Threatened Belugas Don't Really Threaten Economic Development
Letters / Anchorage Daily News / December 17, 2006
As a retired biologist with the U.S. Fish and Wildlife Service, I'm writing to correct the misperceptions in Paula Easley's recent column on the Cook Inlet beluga whale ("Listing belugas could impede activities," Dec. 2). Ms. Easley stated that listing the beluga whale as endangered or threatened would impede industrial development in Cook Inlet. Supporting data were not presented.
The Endangered Species Act requires consultation with federal agencies to ensure development activities do not jeopardize endangered or threatened species. A Government Accountability Office report for 1987-1991 shows that 89 percent of all Endangered Species Act consultations were resolved through an informal process. Of the 10 percent that required formal consultation, more than 91 percent concluded that development would not harm any listed species. Of the remaining projects, 87 percent found alternatives that allowed a project to proceed. All told, this left 23 of 18,211 projects that would jeopardize a listed species and had no reasonable alternative -- less than 0.2 percent. Other reports are similar.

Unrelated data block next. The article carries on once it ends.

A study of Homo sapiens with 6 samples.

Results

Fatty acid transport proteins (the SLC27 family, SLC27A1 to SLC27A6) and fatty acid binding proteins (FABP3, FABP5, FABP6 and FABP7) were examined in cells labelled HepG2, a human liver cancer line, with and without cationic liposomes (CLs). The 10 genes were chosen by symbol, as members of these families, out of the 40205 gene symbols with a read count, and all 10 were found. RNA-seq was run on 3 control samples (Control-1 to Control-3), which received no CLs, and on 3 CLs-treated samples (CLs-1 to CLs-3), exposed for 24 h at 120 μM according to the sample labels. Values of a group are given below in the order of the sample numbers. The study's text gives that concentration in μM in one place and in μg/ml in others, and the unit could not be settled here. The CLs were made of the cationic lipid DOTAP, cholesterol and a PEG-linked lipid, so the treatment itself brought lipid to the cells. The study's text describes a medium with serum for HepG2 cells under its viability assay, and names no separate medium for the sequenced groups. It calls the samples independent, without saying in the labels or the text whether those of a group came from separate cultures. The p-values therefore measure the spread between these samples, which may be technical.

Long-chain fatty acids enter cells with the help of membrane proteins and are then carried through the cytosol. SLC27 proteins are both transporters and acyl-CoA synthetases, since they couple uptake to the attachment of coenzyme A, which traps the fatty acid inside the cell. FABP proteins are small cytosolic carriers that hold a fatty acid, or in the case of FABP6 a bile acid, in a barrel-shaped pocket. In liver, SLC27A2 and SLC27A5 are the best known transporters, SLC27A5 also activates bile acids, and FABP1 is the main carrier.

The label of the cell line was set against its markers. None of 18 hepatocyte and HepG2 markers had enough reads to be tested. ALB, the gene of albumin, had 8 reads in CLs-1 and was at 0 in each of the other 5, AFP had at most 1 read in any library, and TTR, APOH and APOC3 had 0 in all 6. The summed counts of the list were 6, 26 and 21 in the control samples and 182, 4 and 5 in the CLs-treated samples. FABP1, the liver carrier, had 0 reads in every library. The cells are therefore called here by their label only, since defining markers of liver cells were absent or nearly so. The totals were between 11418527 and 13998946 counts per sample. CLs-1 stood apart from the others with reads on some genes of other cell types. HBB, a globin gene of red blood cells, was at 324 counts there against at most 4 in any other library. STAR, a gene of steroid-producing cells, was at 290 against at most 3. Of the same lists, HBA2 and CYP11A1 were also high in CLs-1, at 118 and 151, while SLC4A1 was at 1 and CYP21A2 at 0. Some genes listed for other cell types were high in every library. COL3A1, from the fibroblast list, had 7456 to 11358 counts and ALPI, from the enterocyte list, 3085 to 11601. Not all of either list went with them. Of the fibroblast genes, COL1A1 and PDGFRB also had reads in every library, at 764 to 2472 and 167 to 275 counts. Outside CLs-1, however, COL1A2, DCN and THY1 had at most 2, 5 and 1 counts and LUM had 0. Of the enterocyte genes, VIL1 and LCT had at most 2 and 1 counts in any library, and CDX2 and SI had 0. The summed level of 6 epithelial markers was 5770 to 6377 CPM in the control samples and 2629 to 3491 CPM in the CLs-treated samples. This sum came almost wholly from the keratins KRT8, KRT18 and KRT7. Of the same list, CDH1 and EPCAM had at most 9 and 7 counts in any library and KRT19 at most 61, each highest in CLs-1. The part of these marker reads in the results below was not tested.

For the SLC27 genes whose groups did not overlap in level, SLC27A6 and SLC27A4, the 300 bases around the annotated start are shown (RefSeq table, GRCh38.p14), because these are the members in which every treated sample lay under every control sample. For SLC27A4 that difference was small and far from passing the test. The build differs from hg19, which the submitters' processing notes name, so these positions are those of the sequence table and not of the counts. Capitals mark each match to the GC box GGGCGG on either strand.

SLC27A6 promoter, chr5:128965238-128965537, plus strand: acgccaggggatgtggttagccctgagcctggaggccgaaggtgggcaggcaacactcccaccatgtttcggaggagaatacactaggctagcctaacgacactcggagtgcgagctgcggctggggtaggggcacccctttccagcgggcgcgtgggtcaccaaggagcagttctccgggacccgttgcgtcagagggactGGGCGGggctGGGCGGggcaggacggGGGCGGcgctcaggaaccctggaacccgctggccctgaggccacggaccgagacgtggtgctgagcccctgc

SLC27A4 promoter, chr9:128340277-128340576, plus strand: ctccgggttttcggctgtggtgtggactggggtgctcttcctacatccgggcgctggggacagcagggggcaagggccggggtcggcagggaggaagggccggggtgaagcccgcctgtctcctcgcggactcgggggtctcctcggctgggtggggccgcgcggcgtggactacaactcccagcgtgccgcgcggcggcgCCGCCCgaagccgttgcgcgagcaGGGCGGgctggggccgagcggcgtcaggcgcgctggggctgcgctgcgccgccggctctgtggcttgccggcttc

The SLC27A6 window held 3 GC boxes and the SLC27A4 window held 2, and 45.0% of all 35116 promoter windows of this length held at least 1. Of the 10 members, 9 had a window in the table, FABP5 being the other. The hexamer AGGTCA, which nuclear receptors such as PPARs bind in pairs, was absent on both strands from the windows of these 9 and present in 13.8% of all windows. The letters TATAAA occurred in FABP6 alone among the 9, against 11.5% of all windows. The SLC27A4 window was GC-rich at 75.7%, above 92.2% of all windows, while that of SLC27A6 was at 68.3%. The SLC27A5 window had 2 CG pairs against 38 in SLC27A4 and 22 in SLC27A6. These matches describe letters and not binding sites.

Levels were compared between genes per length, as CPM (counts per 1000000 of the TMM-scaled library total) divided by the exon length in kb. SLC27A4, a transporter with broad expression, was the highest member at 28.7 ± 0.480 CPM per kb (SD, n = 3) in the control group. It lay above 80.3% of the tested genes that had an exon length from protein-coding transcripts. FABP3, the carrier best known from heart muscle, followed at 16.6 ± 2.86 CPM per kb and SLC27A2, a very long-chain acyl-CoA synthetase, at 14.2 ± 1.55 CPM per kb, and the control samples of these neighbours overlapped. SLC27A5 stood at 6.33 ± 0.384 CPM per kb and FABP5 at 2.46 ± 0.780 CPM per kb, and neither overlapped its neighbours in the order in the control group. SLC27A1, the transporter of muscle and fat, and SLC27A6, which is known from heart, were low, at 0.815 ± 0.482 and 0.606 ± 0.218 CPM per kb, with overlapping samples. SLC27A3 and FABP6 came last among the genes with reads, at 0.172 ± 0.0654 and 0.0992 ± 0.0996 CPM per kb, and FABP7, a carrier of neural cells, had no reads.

For 1987-1995, an estimated 600 jeopardy or adverse modification findings were made in consultations on 186,000 projects -- less than 0.4 percent.
For 1998-2000, the Fish and Wildlife Service reported 420 jeopardy opinions for more than 300,000 consultations.
Contrary to Ms. Easley's unsupported assertions, numbers compiled since enactment of the Endangered Species Act show it poses little threat to responsible development.